WEST ORANGE, N.J. — Sharpshooters will take to the trees starting Tuesday in northern New Jersey's South Mountain Reservation to deal with a problem that has become the scourge of many suburban communities: too many deer.
Proponents of the 10-day hunt say the number of white-tailed deer must be reduced because they destroy vegetation, pose a hazard for motorists and spread Lyme disease, which is carried by ticks on the deer.
"What we're doing on Tuesday is not something that I want to do. It is something that we have to do," said Essex County Executive Joseph DiVincenzo Jr., speaking to reporters and protesters Friday. "We just have too many deer on our property."
The state Department of Environmental Protection and leaders of the four municipalities around the reservation have signed off on the hunt. But animal rights activists have criticized it; they prefer a nonlethal alternative such as contraceptives. And some residents worry the shooting will be too close to homes and businesses.
At a contentious news conference Friday, DiVincenzo and proponents of the hunt laid out the reasons for it and how it would be conducted. Hunt opponents held signs calling for the protection of the animals.
At one point, as a consultant hired by the county described how hunters could shoot young deer, a protester called out, "We call them Bambi!"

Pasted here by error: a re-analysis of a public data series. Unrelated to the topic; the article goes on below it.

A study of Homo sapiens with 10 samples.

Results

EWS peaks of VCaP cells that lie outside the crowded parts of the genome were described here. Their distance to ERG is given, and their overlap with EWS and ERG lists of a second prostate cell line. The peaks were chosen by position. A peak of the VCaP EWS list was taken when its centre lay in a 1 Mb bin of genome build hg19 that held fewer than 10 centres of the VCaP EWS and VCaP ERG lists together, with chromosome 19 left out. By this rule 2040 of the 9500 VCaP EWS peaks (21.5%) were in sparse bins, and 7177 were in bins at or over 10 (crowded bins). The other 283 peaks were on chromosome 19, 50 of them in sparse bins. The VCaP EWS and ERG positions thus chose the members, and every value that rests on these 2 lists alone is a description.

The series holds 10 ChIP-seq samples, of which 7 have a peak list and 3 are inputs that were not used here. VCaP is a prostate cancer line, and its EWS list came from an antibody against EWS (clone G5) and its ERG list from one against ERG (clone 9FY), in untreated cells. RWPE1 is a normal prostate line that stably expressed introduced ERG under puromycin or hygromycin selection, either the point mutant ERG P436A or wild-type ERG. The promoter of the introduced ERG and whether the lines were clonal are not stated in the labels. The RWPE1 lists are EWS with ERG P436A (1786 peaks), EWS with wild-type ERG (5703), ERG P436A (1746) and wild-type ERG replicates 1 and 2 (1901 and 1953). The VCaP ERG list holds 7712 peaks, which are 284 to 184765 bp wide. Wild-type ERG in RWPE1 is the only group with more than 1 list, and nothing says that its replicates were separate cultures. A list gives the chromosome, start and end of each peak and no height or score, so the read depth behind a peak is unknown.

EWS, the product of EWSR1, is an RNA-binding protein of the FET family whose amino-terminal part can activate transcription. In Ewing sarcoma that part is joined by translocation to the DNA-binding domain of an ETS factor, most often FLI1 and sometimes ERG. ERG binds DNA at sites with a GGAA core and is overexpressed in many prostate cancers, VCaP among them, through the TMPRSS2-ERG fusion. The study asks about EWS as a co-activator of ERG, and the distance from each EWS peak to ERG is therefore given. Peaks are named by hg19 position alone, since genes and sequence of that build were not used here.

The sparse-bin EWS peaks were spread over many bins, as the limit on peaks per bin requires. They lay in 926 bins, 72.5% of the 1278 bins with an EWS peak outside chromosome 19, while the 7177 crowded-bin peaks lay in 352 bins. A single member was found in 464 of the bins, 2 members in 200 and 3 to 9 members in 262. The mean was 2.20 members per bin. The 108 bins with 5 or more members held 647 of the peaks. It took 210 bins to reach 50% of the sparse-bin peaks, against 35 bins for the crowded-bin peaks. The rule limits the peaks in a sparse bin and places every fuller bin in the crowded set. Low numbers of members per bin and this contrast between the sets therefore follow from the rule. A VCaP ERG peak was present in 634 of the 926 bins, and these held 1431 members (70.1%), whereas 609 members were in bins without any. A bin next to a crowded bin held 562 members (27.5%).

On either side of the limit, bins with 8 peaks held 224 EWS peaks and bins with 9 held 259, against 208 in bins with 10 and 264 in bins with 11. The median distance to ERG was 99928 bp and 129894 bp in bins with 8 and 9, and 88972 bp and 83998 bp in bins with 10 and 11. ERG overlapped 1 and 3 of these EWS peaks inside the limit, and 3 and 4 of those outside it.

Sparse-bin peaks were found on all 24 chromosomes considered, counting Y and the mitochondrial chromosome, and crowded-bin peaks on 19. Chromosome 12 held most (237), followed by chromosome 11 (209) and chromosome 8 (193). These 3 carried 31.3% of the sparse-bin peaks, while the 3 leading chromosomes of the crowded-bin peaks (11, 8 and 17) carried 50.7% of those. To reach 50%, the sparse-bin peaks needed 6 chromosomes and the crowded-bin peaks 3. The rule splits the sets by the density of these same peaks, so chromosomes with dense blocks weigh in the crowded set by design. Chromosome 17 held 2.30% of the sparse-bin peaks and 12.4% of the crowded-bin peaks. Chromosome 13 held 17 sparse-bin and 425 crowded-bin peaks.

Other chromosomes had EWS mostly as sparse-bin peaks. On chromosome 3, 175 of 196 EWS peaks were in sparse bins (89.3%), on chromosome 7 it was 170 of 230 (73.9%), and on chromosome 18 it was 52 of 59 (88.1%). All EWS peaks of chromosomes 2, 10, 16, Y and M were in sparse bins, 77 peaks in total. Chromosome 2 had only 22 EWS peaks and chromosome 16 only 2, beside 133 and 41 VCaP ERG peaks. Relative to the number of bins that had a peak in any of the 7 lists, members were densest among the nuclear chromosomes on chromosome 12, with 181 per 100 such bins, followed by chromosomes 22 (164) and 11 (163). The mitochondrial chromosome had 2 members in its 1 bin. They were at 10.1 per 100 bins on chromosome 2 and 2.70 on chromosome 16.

The hunt in the 2,000-acre reservation, a picturesque area of woodlands, streams and trails, with views of New York City, is scheduled to start Tuesday and continue every Tuesday and Thursday through Feb. 28. A team of 15 volunteer hunters who've gone through a special training course will be allowed to shoot deer from perches in trees.
In preparation for the hunt, corn has already been laid at areas near the tree perches as bait.
Notices warning residents about the hunt have been mailed out, and DiVincenzo has been meeting with residents in the communities bordering the reservation to address safety concerns.
On hunt days, roads going in to the reservation will be closed. Hunters must stay at least 450 feet from any residences and shoot in a downward direction so errant shots hit the ground.
The deer population has grown so much that deer are chewing through all of the underbrush in the reservation and destroying people's gardens and lawns in areas bordering the preserve, DiVincenzo said. Unless the herd is soon culled, many may starve, he added.
Population in hundreds, 60 said sustainable
The preserve can sustain about 60 deer, but an estimated 300-400 deer were living in the reservation, DiVincenzo said. Opponents of the hunt say the number is much less.
Carol Rivelli, who carried a large red sign reading "Save South Mountain Preservation," said more emphasis should be placed on nonlethal methods. She also questioned the hunt's safety.
"I live right next to the reservation, and safety and danger are my main concern," Rivelli said.
Seven New Jersey municipalities applied for permits to cull deer during the 2007-2008 season, said DEP spokeswoman Darlene Yuhas. Municipalities that demonstrate deer are damaging the environment or becoming a hazard for vehicles can apply to have a controlled hunt.